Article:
GOP Chair Reince Priebus has released his party’s “ Principles for American Renewal .” By coincidence, Grover Norquist, longtime political activist and president of Americans for Tax Reform, penned a piece entitled “ Beyond Rand Paul: The Libertarians Are Coming !”
/p>The Principles might contribute in some minor way to the Republican’s chances of taking the Senate in 2014. But Norquist’s insights not only could help the GOP gain long-term political dominance but also could lead to a true renewal of American freedom.
General to specific
Flashback to 1994. House Republican leaders put together the “Contract with America” to contrast their positions with those of President Clinton, offering specific proposals to address general problems.
For “Job Creation” it called for a cost-benefit analysis for potentially employment-killing federal regulations. For "Legal Reform” it called for a “losers pay” rule to reduce nuisance law suits. For “American Dream Restoration” it sought a higher child tax credit.
The Contract helped focus Republicans in the 1992 election and no doubt helped them win control of the House for the first time in some four decades.
Principles or sound bites?
While winning elections is the aim of the new GOP Principles, the similarity with the Contract pretty much ends there.
Under “Economy” in the Principles we find “Start growing America’s economy instead of Washington’s economy so that hard-working Americans see better wages and more opportunity.” Under “Constitution” we’re told it “should be preserved, valued and honored.” And under “Poverty” we find “The best anti-poverty program is a strong family and a good job.” Nothing wrong with these, but they’re more like sound bites, albeit goods ones, offering few specifics.
On the controversial issue of “Values” we’re told “Our country should value the traditions of family, life, religious liberty, and hard work.” (Should have mentioned cute puppies as well.) And for hot-button “Immigration” we’re told we need a system “that secures our borders, upholds the law, and boosts our economy.”
This weak consensus is the best the GOP can offer because it is currently engaged in a three-way civil war.
Establishment Republicans simply want to tweak the welfare state to make it run a bit better. Extreme social conservatives give priority to a liberty-limiting agenda, for example, opposing same-sex unions. And limited-government and libertarian-leaning Republicans, including many social conservatives, give priority to rolling back the welfare state and restoring individual autonomy.
So the Principles must be generic to avoid offending any faction.
Four freedoms trending
And here’s where Grover Norquist comes in. For decades he’s touted a “Leave Us Alone” coalition of economic and social conservatives. To that end he runs weekly “Big tent” meetings in D.C.: a kind of bulletin board for center-right groups, a model now reproduced in most states. Norquist has always been a uniter, not a divider.
But Norquist’s latest piece affirms his place in the freedom faction, both challenging the agendas of the extreme social conservative and establishment Republicans while inviting them, in their own best interests, to join the liberty camp.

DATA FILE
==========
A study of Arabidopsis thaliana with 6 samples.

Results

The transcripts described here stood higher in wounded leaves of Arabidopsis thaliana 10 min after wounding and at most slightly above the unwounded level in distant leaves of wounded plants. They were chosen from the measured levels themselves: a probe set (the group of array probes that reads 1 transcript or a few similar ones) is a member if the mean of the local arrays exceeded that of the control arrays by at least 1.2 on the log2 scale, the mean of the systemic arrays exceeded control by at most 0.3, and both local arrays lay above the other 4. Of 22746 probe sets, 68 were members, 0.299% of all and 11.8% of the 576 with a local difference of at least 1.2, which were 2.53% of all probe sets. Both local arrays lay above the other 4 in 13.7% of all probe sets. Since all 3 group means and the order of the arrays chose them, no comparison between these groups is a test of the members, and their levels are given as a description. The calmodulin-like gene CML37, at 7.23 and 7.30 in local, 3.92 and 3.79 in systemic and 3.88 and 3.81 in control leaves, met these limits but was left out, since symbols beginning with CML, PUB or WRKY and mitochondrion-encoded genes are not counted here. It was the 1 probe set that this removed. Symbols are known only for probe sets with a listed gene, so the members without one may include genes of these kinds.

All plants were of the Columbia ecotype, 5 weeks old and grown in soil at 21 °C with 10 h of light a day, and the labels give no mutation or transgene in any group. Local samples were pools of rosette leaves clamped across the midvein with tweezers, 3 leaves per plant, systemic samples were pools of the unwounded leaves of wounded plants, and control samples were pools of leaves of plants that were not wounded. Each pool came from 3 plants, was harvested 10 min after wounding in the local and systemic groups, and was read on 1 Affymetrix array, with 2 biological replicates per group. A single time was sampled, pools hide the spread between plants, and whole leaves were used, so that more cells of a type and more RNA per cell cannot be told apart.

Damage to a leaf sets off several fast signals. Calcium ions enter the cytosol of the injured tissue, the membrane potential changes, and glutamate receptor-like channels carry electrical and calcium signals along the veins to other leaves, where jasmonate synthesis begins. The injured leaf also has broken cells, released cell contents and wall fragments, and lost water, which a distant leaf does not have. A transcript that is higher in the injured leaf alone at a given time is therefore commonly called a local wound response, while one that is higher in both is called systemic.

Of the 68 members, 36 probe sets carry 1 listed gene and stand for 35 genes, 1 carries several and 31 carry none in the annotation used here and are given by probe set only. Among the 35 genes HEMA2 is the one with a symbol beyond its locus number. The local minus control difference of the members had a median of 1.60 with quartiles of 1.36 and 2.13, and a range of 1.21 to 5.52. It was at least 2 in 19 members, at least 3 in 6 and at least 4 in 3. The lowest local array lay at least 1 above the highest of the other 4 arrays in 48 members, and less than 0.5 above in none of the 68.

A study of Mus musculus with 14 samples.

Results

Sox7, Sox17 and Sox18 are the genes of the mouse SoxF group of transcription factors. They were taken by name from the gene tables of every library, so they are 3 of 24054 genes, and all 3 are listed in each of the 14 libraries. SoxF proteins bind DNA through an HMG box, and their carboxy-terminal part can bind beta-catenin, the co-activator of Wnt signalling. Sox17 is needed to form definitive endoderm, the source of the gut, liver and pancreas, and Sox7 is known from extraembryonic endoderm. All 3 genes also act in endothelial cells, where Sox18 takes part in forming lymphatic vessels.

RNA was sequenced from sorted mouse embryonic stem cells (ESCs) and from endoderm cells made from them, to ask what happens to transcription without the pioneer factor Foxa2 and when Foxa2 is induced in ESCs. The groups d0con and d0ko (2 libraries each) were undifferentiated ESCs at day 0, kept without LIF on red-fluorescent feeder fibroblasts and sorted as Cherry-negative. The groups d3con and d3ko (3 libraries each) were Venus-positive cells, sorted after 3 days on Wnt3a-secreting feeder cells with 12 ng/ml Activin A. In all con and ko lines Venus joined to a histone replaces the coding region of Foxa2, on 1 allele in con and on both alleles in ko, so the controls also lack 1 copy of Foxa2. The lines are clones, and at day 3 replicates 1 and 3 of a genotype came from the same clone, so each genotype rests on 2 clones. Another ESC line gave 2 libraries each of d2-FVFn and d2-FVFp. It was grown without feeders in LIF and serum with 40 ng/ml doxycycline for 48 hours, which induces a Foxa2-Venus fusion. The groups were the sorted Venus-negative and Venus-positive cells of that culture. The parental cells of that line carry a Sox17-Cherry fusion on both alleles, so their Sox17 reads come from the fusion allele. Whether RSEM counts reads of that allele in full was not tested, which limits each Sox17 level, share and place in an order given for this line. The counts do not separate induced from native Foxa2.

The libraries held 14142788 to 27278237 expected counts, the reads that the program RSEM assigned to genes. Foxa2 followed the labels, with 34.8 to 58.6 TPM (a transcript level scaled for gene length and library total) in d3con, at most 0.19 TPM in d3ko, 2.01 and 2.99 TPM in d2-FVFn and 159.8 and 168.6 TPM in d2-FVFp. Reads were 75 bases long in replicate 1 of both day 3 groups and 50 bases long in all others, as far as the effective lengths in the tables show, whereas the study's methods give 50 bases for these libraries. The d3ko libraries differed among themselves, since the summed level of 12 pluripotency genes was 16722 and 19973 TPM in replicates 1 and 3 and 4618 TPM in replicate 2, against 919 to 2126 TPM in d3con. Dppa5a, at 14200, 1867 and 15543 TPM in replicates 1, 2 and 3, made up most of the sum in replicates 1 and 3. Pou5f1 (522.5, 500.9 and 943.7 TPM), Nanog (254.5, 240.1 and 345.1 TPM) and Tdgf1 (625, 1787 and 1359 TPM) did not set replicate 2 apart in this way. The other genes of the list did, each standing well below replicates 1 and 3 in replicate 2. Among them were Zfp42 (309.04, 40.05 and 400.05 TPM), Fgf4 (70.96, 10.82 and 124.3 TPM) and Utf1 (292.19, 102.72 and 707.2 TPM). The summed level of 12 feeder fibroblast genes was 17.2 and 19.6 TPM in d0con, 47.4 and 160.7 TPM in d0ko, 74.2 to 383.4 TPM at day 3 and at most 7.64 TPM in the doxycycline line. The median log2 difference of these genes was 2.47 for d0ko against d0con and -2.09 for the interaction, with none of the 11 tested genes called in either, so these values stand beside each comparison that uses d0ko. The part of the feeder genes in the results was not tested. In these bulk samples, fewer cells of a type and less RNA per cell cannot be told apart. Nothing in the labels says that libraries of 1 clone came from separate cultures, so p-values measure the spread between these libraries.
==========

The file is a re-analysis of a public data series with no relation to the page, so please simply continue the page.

On school choice, Norquist observes that “Thirty years ago home schooling was illegal in all 50 states.” Today 10 million have been home schooled, a growing trend. All GOP factions should celebrate this.
On Gay marriage, he offers that “Thirty years ago there were laws actually criminalizing gays.” Today, legal and public opinion have shifted and gay marriage is spreading. But some protest that individuals should not be forced by government to cater or officiate at gay weddings if it’s against their religion. Norquist says the “team that frames its side as ‘defending and expanding liberty’ will win.”
On the Second Amendment, Norquist notes that “Thirty years ago, 80 percent of Americans supported stricter gun control laws. … Today, 41 states have enacted concealed carry laws.” Surely all factions can agree on this one.
And finally, on drugs he reminds us that “Thirty years ago, marijuana was illegal as medicine or even as a ‘recreational use’ drug in 50 states. Today, 21 states allow the use of medical marijuana,” with Colorado and Washington legalizing all sales. Not a user? Norquist argues you should welcome the “Right to Try” trend. Some states are allowing individuals to treat their illnesses with medicines approved by the Food and Drug Administration as safe but not certified as “effective,” the part of the process that delays new cures and life-saving products for years.
Embrace the free future
The GOP might chalk up important victories in upcoming elections, more because of President Obama’s failures than because of its Principles statement. But in the long run, the only way the GOP can stop its death spiral as its ranks decline and younger voters, minorities, and new entrepreneurs drift toward the Democrats, is to embrace a bold liberty agenda that will truly lead to American renewal!
Hudgins is director of advocacy at The Atlas Society and editor of the new book The Republican Party’s Civil War: Will Freedom Win?
For further information:
*Edward Hudgins, “ Michigan, Georgia pols show the fork in the GOP's road .” August 12, 2014.
*Edward Hudgins, “ Rand Paul Revolution in Silicon Valley. ” July 25, 2014.
Edward Hudgins is research director at the Heartland Institute and former director of advocacy and senior scholar at The Atlas Society.